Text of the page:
Filters have been part of photography since, well, the start of photography. I remember using everything from vaseline smeared on glass to panty hose as a filter in the days of film. And with the switch to the digital world filters are still with us but these days they are just as likely to be software based and used in post production.
It is not hard to find software filters online, in fact there are millions of them around – and the majority seem to be pretty average. But there are exceptions.
About 5 years ago I purchased a set of Nik Photographic filters called “Color Efex Pro”. They weren’t cheap – around $US200 – but the collection contained 30 filters with everything from neutral density and colour graduated filters through to vignettes and print film effects. Importantly the filters can be applied selectively to parts of the image using specific control points.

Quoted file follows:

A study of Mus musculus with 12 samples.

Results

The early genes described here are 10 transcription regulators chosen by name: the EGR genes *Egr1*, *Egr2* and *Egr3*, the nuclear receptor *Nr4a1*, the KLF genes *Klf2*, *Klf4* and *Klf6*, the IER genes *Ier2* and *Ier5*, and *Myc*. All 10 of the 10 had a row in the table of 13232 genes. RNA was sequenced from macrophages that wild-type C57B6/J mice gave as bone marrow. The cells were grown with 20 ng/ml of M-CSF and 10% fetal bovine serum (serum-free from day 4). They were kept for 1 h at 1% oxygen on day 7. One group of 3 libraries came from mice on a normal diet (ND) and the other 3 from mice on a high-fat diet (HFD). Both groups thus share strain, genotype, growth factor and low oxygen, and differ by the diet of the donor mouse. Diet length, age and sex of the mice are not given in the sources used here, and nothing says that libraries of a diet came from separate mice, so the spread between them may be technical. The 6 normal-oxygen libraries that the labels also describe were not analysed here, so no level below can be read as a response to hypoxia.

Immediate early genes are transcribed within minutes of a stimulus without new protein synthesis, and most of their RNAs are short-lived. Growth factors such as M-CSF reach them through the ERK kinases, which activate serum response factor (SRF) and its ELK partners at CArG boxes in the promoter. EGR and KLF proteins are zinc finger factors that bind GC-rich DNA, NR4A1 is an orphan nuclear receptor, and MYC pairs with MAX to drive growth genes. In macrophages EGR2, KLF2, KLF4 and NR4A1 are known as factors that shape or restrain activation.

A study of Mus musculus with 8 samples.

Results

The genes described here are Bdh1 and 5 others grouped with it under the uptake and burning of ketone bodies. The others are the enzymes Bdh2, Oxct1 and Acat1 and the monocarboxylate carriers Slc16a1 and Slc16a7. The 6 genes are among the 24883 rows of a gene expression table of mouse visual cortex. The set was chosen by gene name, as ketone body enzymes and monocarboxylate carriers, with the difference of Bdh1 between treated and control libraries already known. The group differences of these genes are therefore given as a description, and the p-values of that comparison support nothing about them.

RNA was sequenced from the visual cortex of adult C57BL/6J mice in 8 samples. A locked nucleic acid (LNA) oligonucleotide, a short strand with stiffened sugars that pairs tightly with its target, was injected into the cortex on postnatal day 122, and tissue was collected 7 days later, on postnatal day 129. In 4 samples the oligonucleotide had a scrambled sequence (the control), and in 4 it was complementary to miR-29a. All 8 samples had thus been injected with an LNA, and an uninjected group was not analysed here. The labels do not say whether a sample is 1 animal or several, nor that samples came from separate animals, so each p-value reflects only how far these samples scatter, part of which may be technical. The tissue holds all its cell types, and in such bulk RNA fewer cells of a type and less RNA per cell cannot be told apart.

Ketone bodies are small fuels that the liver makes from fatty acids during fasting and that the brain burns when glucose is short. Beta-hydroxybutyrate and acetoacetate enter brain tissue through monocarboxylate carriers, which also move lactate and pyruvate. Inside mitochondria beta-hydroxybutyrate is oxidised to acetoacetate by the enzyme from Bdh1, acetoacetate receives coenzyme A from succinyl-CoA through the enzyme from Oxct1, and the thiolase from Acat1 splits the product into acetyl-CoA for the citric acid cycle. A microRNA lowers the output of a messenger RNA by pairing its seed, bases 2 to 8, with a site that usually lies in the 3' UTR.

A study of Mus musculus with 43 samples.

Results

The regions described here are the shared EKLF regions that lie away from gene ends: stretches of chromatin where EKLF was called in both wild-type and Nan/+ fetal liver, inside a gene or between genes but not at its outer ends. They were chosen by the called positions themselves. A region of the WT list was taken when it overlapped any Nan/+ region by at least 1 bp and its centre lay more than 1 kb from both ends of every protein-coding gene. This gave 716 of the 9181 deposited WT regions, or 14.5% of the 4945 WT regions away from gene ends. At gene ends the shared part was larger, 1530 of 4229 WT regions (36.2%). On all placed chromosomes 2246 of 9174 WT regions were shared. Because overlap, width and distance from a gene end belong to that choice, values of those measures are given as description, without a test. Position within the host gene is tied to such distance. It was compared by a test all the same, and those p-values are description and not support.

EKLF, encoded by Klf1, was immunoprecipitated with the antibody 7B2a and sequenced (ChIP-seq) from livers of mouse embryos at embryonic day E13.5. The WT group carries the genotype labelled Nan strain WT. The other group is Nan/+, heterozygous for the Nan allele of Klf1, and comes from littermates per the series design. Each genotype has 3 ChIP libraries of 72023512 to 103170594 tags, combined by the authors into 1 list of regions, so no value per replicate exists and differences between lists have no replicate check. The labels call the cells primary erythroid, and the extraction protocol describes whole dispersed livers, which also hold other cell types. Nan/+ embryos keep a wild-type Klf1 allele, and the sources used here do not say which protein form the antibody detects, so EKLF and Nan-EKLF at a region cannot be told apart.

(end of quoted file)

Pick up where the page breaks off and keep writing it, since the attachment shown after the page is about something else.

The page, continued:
The collection was a plug-in for popular photo editing software like Photoshop, Aperture, Lightroom and Photoshop Elements. To be honest, many of the filters could be replicated using Photoshop but nowhere near as quickly or seamlessly. And not to the same quality unless a lot of time was spent playing with layers, channels and blending modes.
Over time Nik developed a whole range of plug in tools – one that sharpened, one that removed noise, one that made colour to black and white changes controllable and one which could adjust brightness, contrast and saturation in specific areas of images. They were very clever filters but each one cost another $US200 – $US250 so the appeal of them, to me at least, wained.
About 2 years ago Nik were bought by Google and development of the collection has continued under the new owner. The really good news is that the price has come down – to $US149 – for all 7 filters. They are now fantastic value.
It’s rare for me not to use at least one Nik filter on every image I process through Photoshop – delivering anything from modest to quite dramatic results.
Some samples of what can be done are below.